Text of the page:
If you were to scan recent headlines, from submarine sales in the Pacific, to Chinese clampdowns on Evergrande and the Internet, to friction over the World Bank, you might think the US and China were poised on the verge of serious conflict—or even war.
There’s only one problem with this view of emerging conflict with China: it contradicts many of the economic facts on the ground.
The view that China is now the chief competitor of the United States is a given in both parties. While Presidents Trump and Biden agree on few issues, the Biden administration has kept in place Trump-era tariffs and export controls and is reportedly looking into launching an investigation into China’s large-scale industrial subsidies.
Despite the cry of political leaders that US companies should decouple from China, there’s no evidence that it is happening. The enormous backlog of ships waiting to offload their cargo at ports around the world exemplifies what Oxford Economics’ own data shows: after falling in the first few months of the pandemic, China’s share of global exports has risen dramatically.
Moreover, for a recent report commissioned by the Consumer Technology Association, we spoke to US manufacturers of audio equipment and electronics, which are mainly produced in China. We found no evidence that US firms are prepared to retreat from China, or to open factories elsewhere to replace Chinese facilities. “Just not going to happen,” is what one executive told us.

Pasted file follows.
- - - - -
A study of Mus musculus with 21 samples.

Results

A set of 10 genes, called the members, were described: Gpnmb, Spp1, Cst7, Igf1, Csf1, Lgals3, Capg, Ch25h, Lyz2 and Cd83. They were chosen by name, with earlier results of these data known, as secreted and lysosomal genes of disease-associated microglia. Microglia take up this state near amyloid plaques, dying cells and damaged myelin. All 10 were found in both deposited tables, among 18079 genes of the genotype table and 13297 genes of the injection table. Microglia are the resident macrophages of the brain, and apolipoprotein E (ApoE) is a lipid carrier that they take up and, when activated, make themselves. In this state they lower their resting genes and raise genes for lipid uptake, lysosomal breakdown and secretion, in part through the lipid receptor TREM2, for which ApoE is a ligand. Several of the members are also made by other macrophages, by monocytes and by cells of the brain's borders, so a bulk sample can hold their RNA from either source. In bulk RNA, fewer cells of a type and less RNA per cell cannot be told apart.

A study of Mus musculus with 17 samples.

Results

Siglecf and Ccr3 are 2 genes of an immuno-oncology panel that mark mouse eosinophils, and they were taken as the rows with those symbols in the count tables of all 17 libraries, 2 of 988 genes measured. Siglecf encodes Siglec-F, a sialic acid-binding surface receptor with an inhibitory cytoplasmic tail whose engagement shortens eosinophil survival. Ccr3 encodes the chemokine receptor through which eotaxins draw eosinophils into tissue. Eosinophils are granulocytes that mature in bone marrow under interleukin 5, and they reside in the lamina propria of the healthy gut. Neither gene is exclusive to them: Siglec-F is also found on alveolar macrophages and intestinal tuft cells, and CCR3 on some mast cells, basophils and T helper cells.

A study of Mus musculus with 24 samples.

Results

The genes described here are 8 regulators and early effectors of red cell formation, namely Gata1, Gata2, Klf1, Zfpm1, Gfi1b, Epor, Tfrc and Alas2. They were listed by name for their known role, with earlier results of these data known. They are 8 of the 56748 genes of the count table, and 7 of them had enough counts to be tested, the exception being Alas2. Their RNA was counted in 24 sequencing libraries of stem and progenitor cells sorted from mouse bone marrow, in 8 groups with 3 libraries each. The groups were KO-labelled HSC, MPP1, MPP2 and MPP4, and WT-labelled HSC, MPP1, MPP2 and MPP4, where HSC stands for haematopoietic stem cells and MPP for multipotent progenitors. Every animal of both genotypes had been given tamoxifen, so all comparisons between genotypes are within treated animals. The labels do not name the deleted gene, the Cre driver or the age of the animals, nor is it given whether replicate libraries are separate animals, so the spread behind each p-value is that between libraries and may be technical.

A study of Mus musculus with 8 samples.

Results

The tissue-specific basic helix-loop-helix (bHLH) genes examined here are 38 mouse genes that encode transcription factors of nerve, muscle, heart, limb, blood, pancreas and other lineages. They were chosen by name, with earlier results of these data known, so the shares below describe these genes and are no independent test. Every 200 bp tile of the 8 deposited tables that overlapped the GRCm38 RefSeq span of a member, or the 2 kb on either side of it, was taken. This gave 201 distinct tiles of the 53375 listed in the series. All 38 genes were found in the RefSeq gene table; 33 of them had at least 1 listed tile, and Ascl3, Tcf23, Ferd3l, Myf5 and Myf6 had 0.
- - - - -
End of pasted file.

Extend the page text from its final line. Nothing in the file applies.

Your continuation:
It is remarkable to witness the growing antipathy towards China in the political realm when US dependence on Chinese-produced goods seems as significant as ever. Indeed, the backlogs across supply chains in the United States—from semiconductors to basic materials—only highlight that global interdependence has not diminished nearly two years into the pandemic.
This political and economic contradiction is not only self-defeating, it can damage US interests. It’s hard to imagine America seriously tackling climate change, the North Korean nuclear threat, or other vexing global problems unless the two countries can find common ground.
The Chinese system does face monumental challenges. The Evergrande debacle will test China’s willingness to use state funds to bolster wobbly private firms. Corrupt companies do benefit from government largesse. And foreign companies have been forced to give up intellectual property or ownership stakes to keep doing business in China—a price they are willing to pay for a share of China’s enormous and rapidly growing market.
But China’s party-controlled system also offers certain strategic advantages. The government can champion domestic industries, outline long-term investment goals, and has little problem putting its money where its mouth is. In contrast, the US Congress is still dallying over infrastructure investments both parties know the country desperately needs.
Americans shouldn’t think decoupling from China represents a live option. US Trade representative Katherine Tai made this point recently during a major address unveiling the Biden administration’s trade priorities with China—which, in the end, do not differ markedly from Trump’s.
Asked about decoupling, Ms. Tsai shifted gears: “Maybe the question is whether or not the United States and China need to stop trading with each other. I don’t think that’s a realistic outcome in terms of our global economy. I think that the issue perhaps is, what are the goals we’re looking for in a kind of re-coupling? How can we have a trade relationship with China where we are occupying strong and robust positions within the supply chain and that there is a trade that’s happening, as opposed to a dependency?”
Indeed, America is going to have to learn to compete and cooperate with China, while strengthening its domestic competitiveness and industrial and technology capacity. That’s a contradiction we are all going to have to live with.